Direct Anterior Approach Total Hip Arthroplasty Using a Morphometrically Optimized Femoral Stem, a Conventional Operating Table, Without Fluoroscopy

Tian S., Goswami K., Manrique J., Blevins K., Azboy İ., Hozack W. J.

Journal of Arthroplasty, vol.34, no.2, pp.327-332, 2019 (SCI-Expanded) identifier identifier

  • Publication Type: Article / Article
  • Volume: 34 Issue: 2
  • Publication Date: 2019
  • Doi Number: 10.1016/j.arth.2018.10.023
  • Journal Name: Journal of Arthroplasty
  • Journal Indexes: Science Citation Index Expanded (SCI-EXPANDED), Scopus
  • Page Numbers: pp.327-332
  • Keywords: cementless tapered femoral stem, direct anterior approach, operating table, outcomes, total hip arthroplasty
  • Istanbul Medipol University Affiliated: No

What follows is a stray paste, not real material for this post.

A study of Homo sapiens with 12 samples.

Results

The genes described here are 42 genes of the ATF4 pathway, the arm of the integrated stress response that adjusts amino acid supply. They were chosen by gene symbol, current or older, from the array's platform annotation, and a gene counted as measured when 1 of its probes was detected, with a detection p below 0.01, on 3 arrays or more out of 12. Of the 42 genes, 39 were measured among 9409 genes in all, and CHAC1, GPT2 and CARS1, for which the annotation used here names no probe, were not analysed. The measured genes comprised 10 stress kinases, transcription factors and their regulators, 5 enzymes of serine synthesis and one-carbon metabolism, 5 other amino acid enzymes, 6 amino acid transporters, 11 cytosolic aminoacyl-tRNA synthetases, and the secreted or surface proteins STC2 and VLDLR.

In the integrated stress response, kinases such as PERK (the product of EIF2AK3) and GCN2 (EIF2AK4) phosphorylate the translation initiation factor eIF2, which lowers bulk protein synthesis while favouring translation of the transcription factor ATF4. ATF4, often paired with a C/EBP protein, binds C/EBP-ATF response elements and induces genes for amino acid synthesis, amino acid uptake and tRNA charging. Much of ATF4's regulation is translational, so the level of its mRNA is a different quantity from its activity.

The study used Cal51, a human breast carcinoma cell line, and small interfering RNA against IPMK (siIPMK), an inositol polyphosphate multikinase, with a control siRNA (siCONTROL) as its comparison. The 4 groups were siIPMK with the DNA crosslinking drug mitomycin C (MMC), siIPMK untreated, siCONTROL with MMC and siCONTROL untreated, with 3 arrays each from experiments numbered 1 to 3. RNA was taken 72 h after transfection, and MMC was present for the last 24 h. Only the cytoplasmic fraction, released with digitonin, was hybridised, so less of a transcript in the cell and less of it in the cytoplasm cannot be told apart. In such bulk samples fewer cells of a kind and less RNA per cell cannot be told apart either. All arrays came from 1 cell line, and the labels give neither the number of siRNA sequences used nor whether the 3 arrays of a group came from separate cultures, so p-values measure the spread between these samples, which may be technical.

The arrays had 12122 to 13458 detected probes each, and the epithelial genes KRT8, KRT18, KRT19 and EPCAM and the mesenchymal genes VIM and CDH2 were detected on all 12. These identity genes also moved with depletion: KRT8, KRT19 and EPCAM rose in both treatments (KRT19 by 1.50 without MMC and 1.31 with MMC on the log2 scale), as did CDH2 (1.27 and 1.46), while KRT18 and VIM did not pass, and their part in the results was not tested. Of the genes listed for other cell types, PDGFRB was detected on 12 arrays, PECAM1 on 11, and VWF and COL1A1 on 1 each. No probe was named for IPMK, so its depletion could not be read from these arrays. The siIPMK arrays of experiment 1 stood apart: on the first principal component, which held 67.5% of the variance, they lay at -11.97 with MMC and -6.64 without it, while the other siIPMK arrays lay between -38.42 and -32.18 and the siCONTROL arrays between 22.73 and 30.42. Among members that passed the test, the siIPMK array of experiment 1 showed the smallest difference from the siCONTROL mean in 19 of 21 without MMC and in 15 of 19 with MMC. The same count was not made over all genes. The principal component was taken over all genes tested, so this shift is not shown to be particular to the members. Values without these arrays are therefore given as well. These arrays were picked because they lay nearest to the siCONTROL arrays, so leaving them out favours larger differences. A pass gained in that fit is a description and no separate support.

Background: Our experience with direct anterior approach total hip arthroplasty (THA) suggests that it can be performed successfully with a morphometrically optimized metaphyseal-diaphyseal engaging femoral stem (NOT a short stem), a regular operating room table (NOT a special custom table), and WITHOUT intraoperative fluoroscopy. We report our minimum 2-year results. Methods: A retrospective review of a single-surgeon series of primary direct anterior approach THAs was performed. All procedures were performed on a regular table, without fluoroscopy, using a cementless tapered femoral stem. Clinical, functional, and radiographic outcomes were evaluated at a minimum of 2 years. Results: In total, 1017 primary THAs were performed. The preoperative Harris Hip Score was 40.7 ± 5.1 and improved to 95.3 ± 4.2 at minimum 2-year follow-up. There were 3 dislocations (0.3%) and 15 revisions (1.5%): 7 for infection (0.7%), 4 for periprosthetic fractures (0.4%), 2 for instability (0.2%), 1 for loosening (0.1%), and 1 for pain (0.1%). Five patients (0.5%) required blood transfusion. One patient developed deep vein thrombosis and pulmonary embolism. No intraoperative fractures, perforation, or THA-related mortality occurred. Neutral stem alignment was confirmed in 98.3%. Mean cup inclination was 38.8° ± 5.1° and anteversion was 16.2° ± 3.5°. The mean leg-length discrepancy was corrected from 1.2 ± 0.2 cm preoperatively to 0.2 ± 0.1 cm postoperatively. Conclusion: Using a morphometrically optimized metaphyseal-diaphyseal engaging tapered femoral stem instead of a short stem reduces component malposition and minimizes risk of loosening. Combining the use of this implant design and the technique and elements described in our cohort demonstrated to have excellent results at 2 years. The patients will need continued follow-up to demonstrate further durability of this device and technique compared to others performing direct anterior THA.